Directed By: Karel Reisz
Starring: Albert Finney, Shirley Anne Field, Rachel Roberts
Tag line: "Saturday night you have your fling at life...and Sunday morning you face up to it!"
Trivia: Albert Finney learned to use a lathe during filming
Right around the time that Francois Truffaut and Jean-Luc Godard were shaking things up in France, the UK film industry was experiencing a “New Wave” of its own. Taking a page from their French counterparts, filmmakers like Tony Richardson, Lindsey Anderson, and a handful of others (many of whom were already movie critics and documentarians) put the focus squarely on working class Britain, a group that had been roundly ignored up to that point. Released in 1960, Saturday Night and Sunday Morning stands as a shining example of the British New Wave movement, and is the film that introduced audiences to a 23-year-old actor by the name of Albert Finney.
Arthur Seaton (Finney) spends his weekdays working as a machinist in a dingy Nottingham factory, and his weekends living life to its fullest. Come Saturday, you’ll usually find him getting drunk at the local pub or fishing in a nearby stream with his cousin Bert (Norman Rossington). If not, then you can be sure Arthur is out and about with Brenda (Rachel Roberts), a married woman he’s been seeing for some time. The whole situation is a bit dicey; Brenda’s husband, Jack (Bryan Pringle), is a co-worker of Arthur’s, and the two lovers must go to great lengths to ensure that their illicit affair remains a secret.
Then, at a pub one afternoon, fate throws a monkey wrench into the works when Arthur meets the beautiful Doreen (Shirley Anne Field), with whom he falls instantly in love. As if that’s not enough, Brenda drops a bombshell that threatens to tear his world apart: she’s pregnant with Arthur’s child! Hoping to avoid a scandal, Brenda decides abortion is her best option, and Arthur promises to help her out any way he can. But will his continued involvement with Brenda destroy any future he might have with Doreen?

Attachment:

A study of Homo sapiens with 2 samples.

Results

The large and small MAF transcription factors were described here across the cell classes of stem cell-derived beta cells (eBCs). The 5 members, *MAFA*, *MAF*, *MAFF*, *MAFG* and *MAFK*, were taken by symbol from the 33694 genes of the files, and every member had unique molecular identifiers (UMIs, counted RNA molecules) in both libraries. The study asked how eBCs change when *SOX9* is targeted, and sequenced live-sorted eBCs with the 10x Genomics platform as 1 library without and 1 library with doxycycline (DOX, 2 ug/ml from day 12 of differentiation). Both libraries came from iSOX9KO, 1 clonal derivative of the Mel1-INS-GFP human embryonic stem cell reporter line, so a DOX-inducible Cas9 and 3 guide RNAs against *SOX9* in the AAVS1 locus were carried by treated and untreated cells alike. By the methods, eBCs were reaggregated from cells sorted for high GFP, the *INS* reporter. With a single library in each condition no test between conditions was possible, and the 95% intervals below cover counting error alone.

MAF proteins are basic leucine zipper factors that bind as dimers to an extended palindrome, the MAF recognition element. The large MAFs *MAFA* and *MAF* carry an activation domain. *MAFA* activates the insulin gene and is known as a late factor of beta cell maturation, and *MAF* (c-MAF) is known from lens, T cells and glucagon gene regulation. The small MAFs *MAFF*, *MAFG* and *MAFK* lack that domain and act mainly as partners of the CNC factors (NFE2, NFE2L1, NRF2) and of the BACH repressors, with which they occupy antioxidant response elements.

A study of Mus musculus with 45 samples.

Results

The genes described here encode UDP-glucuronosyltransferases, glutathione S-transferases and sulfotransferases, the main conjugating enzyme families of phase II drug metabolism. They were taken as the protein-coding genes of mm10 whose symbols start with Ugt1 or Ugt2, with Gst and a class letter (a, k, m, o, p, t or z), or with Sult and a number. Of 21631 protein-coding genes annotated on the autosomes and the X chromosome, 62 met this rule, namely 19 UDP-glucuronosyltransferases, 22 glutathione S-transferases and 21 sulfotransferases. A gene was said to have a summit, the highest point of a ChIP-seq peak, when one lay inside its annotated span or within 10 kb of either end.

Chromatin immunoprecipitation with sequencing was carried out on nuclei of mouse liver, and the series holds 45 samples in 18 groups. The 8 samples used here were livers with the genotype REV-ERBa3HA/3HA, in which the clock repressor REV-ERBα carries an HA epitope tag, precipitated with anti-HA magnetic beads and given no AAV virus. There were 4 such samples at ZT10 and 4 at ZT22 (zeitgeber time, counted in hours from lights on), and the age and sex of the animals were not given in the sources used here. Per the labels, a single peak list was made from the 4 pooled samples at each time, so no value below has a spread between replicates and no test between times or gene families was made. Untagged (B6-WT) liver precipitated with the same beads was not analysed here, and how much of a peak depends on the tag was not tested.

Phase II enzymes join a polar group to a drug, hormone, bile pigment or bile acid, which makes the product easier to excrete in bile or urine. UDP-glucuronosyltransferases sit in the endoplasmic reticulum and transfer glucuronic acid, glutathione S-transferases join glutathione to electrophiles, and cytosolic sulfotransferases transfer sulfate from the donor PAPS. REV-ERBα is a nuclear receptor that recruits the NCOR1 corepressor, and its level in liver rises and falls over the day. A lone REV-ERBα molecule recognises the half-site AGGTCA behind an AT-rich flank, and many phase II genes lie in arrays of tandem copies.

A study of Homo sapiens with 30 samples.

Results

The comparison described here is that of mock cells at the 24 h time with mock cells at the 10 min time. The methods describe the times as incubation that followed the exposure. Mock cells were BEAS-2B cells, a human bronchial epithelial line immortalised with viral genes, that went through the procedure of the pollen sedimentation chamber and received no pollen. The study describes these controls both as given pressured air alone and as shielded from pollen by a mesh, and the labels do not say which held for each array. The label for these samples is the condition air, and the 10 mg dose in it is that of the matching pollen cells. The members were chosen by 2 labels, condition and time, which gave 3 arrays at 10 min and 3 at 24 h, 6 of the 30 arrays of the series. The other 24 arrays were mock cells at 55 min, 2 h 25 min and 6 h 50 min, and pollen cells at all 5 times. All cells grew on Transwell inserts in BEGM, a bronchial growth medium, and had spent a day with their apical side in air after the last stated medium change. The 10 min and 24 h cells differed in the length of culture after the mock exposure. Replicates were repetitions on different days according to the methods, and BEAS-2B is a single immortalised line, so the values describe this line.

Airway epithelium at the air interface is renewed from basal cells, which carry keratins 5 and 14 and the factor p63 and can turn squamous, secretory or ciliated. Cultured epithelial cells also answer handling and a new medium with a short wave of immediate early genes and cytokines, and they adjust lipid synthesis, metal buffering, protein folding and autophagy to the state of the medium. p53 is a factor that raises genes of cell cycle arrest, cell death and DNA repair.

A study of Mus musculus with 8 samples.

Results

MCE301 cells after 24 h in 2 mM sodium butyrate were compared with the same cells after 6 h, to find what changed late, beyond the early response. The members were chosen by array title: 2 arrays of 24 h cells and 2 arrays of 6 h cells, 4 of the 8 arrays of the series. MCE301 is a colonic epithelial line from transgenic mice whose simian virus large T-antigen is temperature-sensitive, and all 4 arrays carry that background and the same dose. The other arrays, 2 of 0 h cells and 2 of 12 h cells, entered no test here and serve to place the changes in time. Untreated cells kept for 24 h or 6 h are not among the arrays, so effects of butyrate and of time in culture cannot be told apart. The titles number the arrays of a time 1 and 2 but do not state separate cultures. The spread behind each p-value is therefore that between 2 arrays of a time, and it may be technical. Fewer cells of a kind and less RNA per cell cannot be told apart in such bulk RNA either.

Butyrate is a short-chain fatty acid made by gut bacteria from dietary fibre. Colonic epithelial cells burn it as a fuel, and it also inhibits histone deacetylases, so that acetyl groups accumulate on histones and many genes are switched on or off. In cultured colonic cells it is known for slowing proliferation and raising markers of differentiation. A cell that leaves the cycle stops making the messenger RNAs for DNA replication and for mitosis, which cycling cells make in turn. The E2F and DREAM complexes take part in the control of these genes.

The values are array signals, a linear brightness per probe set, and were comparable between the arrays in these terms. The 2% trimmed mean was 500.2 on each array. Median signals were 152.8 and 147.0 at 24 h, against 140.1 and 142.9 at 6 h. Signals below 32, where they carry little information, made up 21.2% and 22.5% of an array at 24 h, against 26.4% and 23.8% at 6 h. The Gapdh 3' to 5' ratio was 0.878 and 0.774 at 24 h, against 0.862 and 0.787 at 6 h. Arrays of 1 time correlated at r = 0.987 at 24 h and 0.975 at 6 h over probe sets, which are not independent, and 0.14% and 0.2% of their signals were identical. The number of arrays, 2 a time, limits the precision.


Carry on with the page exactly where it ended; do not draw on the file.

Like many films of the British New Wave, Saturday Night and Sunday Morning boasts an almost documentary-like feel; director Karel Reisz shot the majority of the movie in and around Nottingham (the very first scene is set inside the factory where Arthur works, while the opening credits play over images of him riding his bike through the streets). By relying on actual locations as opposed to a studio soundstage, Reisz infused the film with a gritty realism that, from start to finish, enhanced its blue-collar mentality.
Saturday Night and Sunday Morning also made Albert Finney a star, and the actor did his part to make the role of Arthur Seaton a memorable one. “What I’m out for is a good time” Arthur says during the opening narration, and this is how he approaches life throughout the entire film. He drinks heavily, stands up to the older generation (his nosy neighbor Mrs. Bull, played by Edna Morris, is a regular target of his aggression), and has no qualms about being seen in public with a married woman (Arthur genuinely cares for Brenda, yet we get the feeling it’s the dangerous nature of their relationship that really appeals to him). Though he’s clearly an angry young man, we nonetheless identify with Arthur’s desire to break free of the monotony of his working-class existence, and Finney’s lively, heartfelt performance is the reason why.
Upon its release, the BBFC saddled Saturday Night and Sunday Morning with an “X” rating, due mostly to the film’s unapologetic depiction of abortion and extramarital sex. The movie-going public, however, saw things differently; Saturday Night and Sunday Morning was a box-office hit, proving beyond a shadow of a doubt that, like their compatriots in France, UK audiences were ready for a change.
And thanks to Karel Reisz and his pals, a change is exactly what they got.